MLBPA rejects offer from MLB on international draft money


The MLB made an offer of $191 million in pool money to go towards the proposed international draft for countries outside of the U.S. and Canada and the MLBPA rejected the offer. 

The MLB Made an offer the day before the matter needed to be decided on and the MLBPA rejected it on the day of the day of the deadline. 

The MLBPA would like to see a pool of $260 million going to players taken from other countries such as Cuba, Dominican Republic, Mexico, etc. However, the official difference settles at $69 million. 

The concept of the international draft is to help serve a more organized way of getting international baseball players into the MLB. In countries like the Dominican Republic, kids are given verbal agreements with MLB ball clubs to be signed once they're of age. However, most of the time the kids are 16 years old or even as young as 12.

Thus, to help better secure their contracts, the young kids get trainers that usually recommend taking performance enhancing drugs to better their odds of being signed. 

Some current MLB players like Francisco Lindor and Wander Franco are against the international draft because they still believe the players are not receiving the correct compensation from the draft. Other players want the ill-advised scouting and training to come to an end for the younger kids and are pro-international draft.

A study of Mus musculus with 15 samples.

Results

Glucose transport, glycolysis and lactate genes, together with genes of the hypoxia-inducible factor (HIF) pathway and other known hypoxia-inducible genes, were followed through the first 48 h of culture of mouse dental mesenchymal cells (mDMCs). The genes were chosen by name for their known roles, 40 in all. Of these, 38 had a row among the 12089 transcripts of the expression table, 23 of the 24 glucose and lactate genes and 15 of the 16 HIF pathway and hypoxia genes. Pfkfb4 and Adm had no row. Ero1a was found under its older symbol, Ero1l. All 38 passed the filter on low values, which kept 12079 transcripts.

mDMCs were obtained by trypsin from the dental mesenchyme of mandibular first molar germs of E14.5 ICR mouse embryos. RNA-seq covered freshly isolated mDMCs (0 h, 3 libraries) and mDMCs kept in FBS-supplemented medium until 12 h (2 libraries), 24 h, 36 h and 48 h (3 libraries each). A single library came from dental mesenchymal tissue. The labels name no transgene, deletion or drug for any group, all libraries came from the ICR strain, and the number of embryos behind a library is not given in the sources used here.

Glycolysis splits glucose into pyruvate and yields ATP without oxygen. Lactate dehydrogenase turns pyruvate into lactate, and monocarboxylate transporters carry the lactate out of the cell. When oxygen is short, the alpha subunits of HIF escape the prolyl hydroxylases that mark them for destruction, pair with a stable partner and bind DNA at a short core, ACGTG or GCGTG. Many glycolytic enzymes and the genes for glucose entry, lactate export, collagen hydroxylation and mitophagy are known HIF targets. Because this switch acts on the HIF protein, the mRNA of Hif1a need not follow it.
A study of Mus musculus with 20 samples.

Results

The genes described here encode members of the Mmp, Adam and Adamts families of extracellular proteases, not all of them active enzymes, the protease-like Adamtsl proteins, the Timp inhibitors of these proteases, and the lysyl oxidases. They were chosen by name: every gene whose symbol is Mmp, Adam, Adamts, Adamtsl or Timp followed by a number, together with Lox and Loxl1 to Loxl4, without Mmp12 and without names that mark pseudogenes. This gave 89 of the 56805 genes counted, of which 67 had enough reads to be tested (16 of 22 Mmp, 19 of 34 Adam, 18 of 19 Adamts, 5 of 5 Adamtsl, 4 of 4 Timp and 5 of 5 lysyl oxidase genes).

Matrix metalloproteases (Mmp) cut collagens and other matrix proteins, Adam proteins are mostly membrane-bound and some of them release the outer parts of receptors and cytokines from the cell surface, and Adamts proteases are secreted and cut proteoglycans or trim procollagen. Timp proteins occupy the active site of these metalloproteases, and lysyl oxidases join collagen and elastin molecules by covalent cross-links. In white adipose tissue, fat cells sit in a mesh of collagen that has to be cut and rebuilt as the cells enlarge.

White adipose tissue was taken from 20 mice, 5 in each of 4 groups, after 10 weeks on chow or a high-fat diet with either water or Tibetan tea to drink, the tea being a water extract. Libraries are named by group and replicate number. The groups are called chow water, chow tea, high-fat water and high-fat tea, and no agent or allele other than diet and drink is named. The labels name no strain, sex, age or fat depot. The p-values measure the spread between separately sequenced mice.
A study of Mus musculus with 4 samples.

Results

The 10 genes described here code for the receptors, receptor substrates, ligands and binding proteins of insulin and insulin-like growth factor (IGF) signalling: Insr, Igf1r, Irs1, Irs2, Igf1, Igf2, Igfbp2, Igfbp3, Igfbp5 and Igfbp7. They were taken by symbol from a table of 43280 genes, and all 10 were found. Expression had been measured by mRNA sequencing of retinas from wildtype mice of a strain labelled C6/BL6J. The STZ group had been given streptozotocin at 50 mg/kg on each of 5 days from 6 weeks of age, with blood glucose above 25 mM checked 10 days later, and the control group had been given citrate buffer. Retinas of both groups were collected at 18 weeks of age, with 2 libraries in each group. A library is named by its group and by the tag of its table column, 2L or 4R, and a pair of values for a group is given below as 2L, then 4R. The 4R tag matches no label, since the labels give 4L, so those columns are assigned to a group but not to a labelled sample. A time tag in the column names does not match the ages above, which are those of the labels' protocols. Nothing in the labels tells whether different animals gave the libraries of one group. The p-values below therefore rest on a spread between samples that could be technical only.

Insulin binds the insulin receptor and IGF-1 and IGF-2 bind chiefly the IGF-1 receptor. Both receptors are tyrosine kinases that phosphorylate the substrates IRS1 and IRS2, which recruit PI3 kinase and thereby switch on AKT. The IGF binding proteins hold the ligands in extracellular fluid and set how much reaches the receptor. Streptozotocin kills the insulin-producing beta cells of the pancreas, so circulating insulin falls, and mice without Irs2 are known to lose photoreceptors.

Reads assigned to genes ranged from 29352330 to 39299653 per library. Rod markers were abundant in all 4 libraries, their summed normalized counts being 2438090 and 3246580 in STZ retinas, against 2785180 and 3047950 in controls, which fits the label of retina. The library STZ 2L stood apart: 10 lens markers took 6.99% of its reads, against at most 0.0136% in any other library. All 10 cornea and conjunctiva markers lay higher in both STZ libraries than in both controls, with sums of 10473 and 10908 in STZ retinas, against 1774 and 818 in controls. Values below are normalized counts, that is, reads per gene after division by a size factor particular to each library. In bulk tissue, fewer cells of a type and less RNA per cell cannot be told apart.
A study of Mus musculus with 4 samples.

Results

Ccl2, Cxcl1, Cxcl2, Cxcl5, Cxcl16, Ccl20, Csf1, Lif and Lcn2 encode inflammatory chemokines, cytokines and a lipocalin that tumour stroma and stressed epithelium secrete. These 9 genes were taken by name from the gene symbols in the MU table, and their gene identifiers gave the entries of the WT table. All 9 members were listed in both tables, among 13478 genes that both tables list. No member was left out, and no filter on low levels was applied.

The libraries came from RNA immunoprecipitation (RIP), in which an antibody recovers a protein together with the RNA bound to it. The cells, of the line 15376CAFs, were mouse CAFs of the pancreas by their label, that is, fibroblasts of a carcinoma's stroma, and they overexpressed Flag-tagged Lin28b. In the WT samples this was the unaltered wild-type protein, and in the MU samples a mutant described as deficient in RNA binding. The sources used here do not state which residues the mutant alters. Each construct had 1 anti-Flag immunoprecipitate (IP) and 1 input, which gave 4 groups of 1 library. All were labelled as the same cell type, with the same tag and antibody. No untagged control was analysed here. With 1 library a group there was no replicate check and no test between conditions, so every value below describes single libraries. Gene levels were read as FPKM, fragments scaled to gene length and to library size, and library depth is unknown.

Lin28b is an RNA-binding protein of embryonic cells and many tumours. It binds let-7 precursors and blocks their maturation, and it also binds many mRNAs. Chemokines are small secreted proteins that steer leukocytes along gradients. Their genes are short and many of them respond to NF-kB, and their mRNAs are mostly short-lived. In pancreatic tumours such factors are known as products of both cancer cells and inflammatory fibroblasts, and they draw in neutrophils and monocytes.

The two parties were set on having 20 rounds for the draft, but the pool money was way off. The matter was pushed off from the other bargaining agreements back in March and the two sides have met already

Since the two sides could not come to an agreement, the matter returns to status quo. Baseball will not discontinue because of the matter, even though it's a nonagreement from the lockout. 

This would have had effect on prospects like Chicago White Sox outfielder Oscar Colas, who is from Cuba, or, Chicago Cubs prospect Kevin Alcantara from the Dominican Republic.